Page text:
F5 Networks BIG-IP flaw is the latest to be exploited by hackers

A concept image of a hacker behind a stream of binary

A fortnight ago, F5 warned users about seven remote code execution vulnerabilities in its BIG-IP products, including four that were rated ‘critical’. Although fixes were released, researchers with NCC Group have now found evidence that cyber criminals have deployed a full chain exploitation against one of these flaws, tracked as CVE-2021-22986.

The remote code execution flaw, rated 9.8 on the CVSS threat severity scale, lies in the iControl REST interface for the BIG-IP family, and also affects the firm’s BIG-IQ products. Attackers are exploiting the vulnerability to execute arbitrary commands, create and delete files as well as disable services without authentication.

This was the second most severe bug that F5 patched after the 9.9-rated CVE-2021-22987, which manifested in the traffic management user interface (TMUI) when running BIG-IP in Appliance Mode.



“If you cannot update your systems immediately, we advise you to apply any additional mitigation recommendations detailed in the security advisories while developing a plan to complete the updates.”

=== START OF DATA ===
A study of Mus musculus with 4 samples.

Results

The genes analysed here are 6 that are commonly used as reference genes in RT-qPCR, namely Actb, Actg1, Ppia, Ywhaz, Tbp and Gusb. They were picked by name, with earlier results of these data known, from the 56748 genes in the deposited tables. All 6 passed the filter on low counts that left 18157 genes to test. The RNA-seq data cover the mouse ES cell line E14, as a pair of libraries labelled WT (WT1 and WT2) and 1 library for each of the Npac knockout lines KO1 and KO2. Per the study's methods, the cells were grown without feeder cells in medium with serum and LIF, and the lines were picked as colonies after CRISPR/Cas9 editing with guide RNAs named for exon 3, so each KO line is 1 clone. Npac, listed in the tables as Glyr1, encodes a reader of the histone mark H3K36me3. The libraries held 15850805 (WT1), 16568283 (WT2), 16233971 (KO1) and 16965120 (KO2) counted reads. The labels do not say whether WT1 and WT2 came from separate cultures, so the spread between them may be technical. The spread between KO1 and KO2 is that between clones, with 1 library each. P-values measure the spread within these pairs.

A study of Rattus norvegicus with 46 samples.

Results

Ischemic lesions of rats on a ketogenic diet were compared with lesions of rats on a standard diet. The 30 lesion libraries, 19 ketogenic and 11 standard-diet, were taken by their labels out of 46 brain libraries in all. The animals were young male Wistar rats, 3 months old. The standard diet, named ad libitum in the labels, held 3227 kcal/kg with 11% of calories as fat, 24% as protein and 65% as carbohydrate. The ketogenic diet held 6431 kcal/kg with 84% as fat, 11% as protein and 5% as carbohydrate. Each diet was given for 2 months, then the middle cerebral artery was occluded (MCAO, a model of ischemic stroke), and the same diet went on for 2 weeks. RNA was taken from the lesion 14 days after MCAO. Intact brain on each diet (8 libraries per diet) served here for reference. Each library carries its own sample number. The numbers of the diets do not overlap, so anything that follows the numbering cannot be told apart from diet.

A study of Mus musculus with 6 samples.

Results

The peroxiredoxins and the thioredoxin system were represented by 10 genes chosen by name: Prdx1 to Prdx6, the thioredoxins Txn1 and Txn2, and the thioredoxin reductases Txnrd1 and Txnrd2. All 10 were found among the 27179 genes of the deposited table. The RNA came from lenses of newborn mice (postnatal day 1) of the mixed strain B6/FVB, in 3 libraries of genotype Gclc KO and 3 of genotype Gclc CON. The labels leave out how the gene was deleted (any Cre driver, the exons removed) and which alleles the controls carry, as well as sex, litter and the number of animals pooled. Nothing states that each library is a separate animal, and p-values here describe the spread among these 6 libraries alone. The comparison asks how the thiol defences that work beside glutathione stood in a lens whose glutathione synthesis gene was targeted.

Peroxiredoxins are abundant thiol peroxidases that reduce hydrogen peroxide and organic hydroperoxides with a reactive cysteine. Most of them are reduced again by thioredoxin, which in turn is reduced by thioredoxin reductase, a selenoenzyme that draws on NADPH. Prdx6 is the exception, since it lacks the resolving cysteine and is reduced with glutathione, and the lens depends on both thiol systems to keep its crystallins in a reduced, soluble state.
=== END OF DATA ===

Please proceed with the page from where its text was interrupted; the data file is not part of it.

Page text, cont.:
This is the 16th actively-exploited vulnerability identified in 2021, joining an expanding list that includes three vulnerabilities in Google Chrome, as well as four Microsoft Exchange Server flaws that devastated a string of businesses.

The discovery of this full chain exploitation follows several proofs-of-concept for exploitation methods against the F5 Networks vulnerability.

Over the last few days, NCC Group has detected a rise in scanning activity, and multiple exploitation attempts against honeypot infrastructure that researchers had set up to monitor malicious activity. This knowledge has led them to believe that a public exploit is likely to be in the public domain very shortly.

Researchers with Unit 42, meanwhile, have seen evidence that a variant of the Mirai botnet has attempted to exploit CVE-2021-22986, as well as CVE-2020-28188, a remote code execution flaw in the TerraMaster operating system for storage appliances. This latter was discovered last year.

Keumars Afifi-Sabet

Keumars Afifi-Sabet is a writer and editor that specialises in public sector, cyber security, and cloud computing. He first joined ITPro as a staff writer in April 2018 and eventually became its Features Editor. Although a regular contributor to other tech sites in the past, these days you will find Keumars on LiveScience, where he runs its Technology section.